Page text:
Mother Mary Joseph Rogers, the founder of the Maryknoll Sisters of St. Dominic, is one of nine American women to be inducted this year into the National Women’s Hall of Fame, the oldest national membership organization dedicated to recognizing outstanding individual American women and their achievements.
Mother Mary Joseph, whose “extraordinary achievements were recognized and applauded” by all the judges, will join 247 women who have been inducted into the hall since its founding during 1969. The hall is located at Seneca Falls, New York, and the induction ceremony will be held during October. Former First Lady of the United States Betty Ford also will be inducted into the hall this year.
“We are thrilled and honored by Mother Mary Joseph’s selection,” said Sister Janice McLaughlin, president of the Maryknoll Sisters, “and happy for the recognition it gives to our founder who achieved so much, not only for women religious, but for all American women, at a time when possibilities for them were far more limited than they are today. Mary Josephine Rogers, as she was called prior to joining religious life, broke through the negative stereotypes about the role of American Catholic women in church and society at the beginning of the 20th century. As founder of the first American mission congregation of Catholic women, she proved that women were equal to the demands of life and ministry abroad, particularly in places where poverty, physical hardship and sometimes, even safety during wartime, were commonplace.”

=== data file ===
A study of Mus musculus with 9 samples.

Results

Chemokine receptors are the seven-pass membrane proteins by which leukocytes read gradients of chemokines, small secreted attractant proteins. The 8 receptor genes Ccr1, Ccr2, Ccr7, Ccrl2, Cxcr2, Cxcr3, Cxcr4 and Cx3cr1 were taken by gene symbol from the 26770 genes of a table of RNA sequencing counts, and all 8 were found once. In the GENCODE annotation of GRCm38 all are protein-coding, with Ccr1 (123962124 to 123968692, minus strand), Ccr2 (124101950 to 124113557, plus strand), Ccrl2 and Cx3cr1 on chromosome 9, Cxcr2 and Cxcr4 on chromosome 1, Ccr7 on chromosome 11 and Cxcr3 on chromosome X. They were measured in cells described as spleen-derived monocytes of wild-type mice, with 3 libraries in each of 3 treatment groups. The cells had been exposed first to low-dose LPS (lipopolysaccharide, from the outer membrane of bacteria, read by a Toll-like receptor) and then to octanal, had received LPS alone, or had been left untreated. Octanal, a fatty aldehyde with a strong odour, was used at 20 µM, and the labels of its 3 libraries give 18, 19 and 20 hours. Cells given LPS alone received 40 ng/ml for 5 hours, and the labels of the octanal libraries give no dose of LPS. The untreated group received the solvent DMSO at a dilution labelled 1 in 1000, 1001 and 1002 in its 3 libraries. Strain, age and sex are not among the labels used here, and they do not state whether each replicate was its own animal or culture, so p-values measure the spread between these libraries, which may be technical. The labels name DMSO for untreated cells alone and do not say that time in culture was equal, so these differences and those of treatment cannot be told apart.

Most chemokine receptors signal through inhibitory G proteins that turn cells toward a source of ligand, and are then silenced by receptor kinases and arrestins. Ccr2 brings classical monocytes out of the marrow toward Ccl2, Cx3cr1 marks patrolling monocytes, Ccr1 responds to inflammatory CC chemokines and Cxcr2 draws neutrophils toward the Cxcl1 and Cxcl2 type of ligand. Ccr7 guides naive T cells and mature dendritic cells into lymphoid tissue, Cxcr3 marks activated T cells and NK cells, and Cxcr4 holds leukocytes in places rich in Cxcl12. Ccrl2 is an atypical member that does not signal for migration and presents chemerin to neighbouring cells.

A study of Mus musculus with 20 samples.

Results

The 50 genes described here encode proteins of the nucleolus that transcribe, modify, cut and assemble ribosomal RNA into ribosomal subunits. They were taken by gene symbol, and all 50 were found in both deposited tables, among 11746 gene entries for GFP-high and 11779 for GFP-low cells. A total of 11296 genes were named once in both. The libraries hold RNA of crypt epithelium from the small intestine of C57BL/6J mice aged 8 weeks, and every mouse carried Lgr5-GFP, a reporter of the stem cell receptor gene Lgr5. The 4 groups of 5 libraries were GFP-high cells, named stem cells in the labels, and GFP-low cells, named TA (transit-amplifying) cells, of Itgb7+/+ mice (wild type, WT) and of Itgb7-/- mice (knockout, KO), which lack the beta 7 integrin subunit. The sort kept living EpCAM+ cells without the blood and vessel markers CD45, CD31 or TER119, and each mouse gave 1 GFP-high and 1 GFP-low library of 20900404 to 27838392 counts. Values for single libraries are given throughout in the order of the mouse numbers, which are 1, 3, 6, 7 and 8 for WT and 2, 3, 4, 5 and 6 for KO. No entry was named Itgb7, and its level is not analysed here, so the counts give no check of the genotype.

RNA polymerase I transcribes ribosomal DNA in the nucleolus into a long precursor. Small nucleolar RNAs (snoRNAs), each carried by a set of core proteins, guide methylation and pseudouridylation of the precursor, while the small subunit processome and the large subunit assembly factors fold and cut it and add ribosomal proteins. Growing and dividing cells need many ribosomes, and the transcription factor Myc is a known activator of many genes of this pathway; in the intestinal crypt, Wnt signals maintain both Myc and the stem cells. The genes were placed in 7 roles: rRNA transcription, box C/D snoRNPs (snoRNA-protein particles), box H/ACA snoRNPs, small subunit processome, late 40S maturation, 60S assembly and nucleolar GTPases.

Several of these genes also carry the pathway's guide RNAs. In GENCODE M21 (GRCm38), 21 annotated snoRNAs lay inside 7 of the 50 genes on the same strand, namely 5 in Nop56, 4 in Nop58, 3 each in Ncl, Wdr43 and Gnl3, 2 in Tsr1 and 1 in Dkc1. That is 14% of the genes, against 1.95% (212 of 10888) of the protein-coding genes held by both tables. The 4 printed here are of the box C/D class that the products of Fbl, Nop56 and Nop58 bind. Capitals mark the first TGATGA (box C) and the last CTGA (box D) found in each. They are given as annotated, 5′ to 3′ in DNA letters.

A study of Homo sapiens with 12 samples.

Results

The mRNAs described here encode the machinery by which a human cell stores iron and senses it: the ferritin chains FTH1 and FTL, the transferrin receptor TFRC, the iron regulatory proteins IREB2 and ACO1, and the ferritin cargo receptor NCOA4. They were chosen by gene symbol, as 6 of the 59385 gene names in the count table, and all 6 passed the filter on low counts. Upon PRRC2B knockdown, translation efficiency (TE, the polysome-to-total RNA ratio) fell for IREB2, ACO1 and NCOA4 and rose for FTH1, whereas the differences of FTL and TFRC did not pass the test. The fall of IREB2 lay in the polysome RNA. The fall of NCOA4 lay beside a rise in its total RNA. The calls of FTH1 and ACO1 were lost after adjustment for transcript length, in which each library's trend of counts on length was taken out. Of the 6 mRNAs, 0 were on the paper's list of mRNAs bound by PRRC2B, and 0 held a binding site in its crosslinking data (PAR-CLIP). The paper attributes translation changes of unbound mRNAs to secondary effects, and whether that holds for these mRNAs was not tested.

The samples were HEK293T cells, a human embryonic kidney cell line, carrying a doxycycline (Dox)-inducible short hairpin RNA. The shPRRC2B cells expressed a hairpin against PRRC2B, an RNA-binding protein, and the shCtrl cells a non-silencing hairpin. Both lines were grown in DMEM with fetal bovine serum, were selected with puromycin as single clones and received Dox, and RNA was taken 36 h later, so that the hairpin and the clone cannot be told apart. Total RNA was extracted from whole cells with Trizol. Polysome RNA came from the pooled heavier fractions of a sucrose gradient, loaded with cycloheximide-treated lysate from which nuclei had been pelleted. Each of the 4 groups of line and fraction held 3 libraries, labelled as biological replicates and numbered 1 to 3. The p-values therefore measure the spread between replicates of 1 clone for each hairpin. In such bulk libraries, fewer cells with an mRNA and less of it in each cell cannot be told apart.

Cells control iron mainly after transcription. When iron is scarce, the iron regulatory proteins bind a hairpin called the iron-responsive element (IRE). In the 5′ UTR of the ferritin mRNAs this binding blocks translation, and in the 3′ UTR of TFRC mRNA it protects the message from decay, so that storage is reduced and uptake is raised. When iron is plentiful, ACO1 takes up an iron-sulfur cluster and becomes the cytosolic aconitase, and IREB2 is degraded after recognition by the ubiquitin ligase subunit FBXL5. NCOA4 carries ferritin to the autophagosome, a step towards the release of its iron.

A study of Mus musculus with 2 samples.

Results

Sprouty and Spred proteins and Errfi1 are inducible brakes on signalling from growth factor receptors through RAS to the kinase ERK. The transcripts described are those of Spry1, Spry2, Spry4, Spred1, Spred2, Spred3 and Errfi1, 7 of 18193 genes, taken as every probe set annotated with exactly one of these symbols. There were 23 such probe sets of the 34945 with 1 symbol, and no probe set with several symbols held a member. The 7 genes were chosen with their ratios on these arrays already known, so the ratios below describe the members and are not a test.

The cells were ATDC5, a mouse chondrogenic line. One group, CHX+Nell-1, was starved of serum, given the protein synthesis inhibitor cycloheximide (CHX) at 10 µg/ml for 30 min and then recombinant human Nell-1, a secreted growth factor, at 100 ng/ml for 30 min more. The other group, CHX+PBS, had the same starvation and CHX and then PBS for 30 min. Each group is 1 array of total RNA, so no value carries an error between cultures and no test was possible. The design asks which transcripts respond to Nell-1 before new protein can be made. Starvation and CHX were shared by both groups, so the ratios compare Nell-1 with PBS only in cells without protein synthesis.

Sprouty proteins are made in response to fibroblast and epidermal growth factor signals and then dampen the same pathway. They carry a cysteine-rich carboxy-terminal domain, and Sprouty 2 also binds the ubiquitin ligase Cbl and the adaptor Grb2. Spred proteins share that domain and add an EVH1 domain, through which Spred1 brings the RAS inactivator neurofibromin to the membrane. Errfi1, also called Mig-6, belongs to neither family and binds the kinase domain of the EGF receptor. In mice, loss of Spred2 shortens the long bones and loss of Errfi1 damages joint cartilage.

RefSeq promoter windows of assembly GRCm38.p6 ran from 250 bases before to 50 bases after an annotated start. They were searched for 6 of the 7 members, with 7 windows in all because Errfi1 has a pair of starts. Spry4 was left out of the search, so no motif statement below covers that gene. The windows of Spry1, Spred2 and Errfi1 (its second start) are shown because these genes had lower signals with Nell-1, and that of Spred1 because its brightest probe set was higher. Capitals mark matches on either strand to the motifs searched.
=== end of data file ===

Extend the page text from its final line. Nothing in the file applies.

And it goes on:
A graduate of Smith College, Mother Mary Joseph was gifted with natural leadership ability and a charismatic bearing that quickly showed others, among them Father James A. Walsh, the founder of the Maryknoll Fathers and Brothers, that she was able to lead the first U.S.-based congregation of women religious dedicated to foreign mission.
Born on October 27, 1882, in Roxbury, Massachusetts, Mary Josephine “Mollie” Rogers, the fourth of eight children, was inspired by her Irish Catholic parents with a passion for the church. Following graduation from Smith, Mollie returned to the school to assist the instructor in zoology with lab experiments. At the same time, she began a missions club for Catholic women. It was while seeking materials to use for the club that she met Father Walsh and soon began assisting him with his magazine, The Field Afar, that today is known as Maryknoll magazine.
Following the congregation’s founding on January 6, 1912, Mollie took the religious name Mother Mary Joseph. As she oversaw the growth of the congregation and its expansion into mission, she also placed great value on diversity. She welcomed women from all nations. She also integrated prayer with apostolic ministry “so that no one would take us for anything but contemplatives in mission.”
At the time of Mother Mary Joseph Rogers’ death on October 9, 1955, the Maryknoll Sisters numbered more than 1,000 and they were working in 20 countries and serving minorities in several cities in the United States. Today, the Maryknoll Sisters serve in 26 nations, ministering to all people regardless of race, creed, or nationality, with a special emphasis on working with the poor, with women and with all those who struggle on the fringes of society. Their numbers include doctors, nurses, authors, artists, dancers, social workers, ecologists, peace activists, theologians and women affiliated with the United Nations.